How Truth isn’t Truth to Fundamentalists

In an interview on Sunday with Meet the Press, lawyer for President Trump, Rudy Giuliani said, “truth isn’t truth” by way of defending his client against possible perjury. He has since attempted to clarify his statement via Twitter:

To me this points to the larger problem within fundamentalism (whatever the politics, creed, or beliefs, for more check out the podcast on the theology of fundamentalism): truth as proposition rather than pursuit.

The fundamentalist need to avoid being wrong (because being wrong is tantamount to being dead) leads to seeing truth as a proposition to be accepted (or rejected if you want to be excluded from the community). You must accept this doctrine or that political belief or this scientific theory or else you are capital-W Wrong. And being wrong sends you to hell or destroys the country (or world). It’s based on fear and the shame associated with being wrong.

Mayor Giuliani said that he wasn’t attempting to pontificate on “moral theology” when he said “truth isn’t truth,” but rather was saying that it’s often impossible to determine what actually happened when two people say contradictory things. While that’s an accurate statement on the surface, I don’t believe that it correctly portrays the situation nor the underlying motivations of most fundamentalists.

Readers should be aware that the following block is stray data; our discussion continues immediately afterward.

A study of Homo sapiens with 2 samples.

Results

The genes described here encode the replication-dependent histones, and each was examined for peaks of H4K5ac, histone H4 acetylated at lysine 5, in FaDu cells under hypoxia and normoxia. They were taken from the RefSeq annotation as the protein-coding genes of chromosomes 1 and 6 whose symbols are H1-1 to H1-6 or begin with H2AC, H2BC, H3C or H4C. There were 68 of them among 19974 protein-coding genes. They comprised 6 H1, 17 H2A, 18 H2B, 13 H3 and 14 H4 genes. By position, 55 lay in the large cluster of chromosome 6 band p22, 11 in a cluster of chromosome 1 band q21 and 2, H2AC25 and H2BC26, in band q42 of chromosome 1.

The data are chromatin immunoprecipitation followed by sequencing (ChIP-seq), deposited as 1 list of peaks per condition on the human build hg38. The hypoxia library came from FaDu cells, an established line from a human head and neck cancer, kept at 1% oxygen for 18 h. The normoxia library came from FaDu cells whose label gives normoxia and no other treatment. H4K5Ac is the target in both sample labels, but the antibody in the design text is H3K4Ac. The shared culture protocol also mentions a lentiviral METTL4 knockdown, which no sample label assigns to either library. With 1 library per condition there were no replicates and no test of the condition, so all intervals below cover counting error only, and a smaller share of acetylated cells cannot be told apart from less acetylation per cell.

There is plenty of actual evidence (not hearsay nor unsubstantiated testimony). This is far from being a case of “he said, she said” and I believe Mayor Giuliani and President Trump are smart enough to know that. With all the fundamentalists that I’ve known, grew up with, and continue to talk to, the common denominator has always been a deathly fear of being wrong, even to the point of changing the definitions of ‘truth’ to suit their position.

Mayor Giuliani came out and said exactly what is at the heart of fundamentalism and exactly why there’s almost no space for dialogue between fundamentalists and anyone else. For fundamentalists truth isn’t truth if it means they’re wrong, being wrong is unthinkably dangerous, therefore truth much change to keep them safe. That’s why the morality of President Trump hasn’t been a problem for the vast majority of White Evangelical Christians (i.e. rebranded fundamentalists).

Moral theology is exactly the point, despite Mayor Giuliani’s dissembling. Morality and theology must, of necessity, be located outside the experience and understanding of the individual. Put another way, morality tells us how to interact with other humans and so should require us to be wrong at times as we learn and grow. If we aren’t ever wrong morality is a useless construct. Similarly theology is meant to tell us how to interact with the divine. If the divine is nothing but a reflection of what we already want then we can stop wasting time pretending that we’re doing something dictated by a higher power and simply take responsibility for our own actions. But that’s anathema to the fundamentalist mindset because it requires embracing being wrong, placing themselves as subject to a higher truth, higher morality, and higher calling rather than justifying what they already believe to protect their fragile illusion of being right and therefore safe.

Truth is only truth if you are willing to let it change you.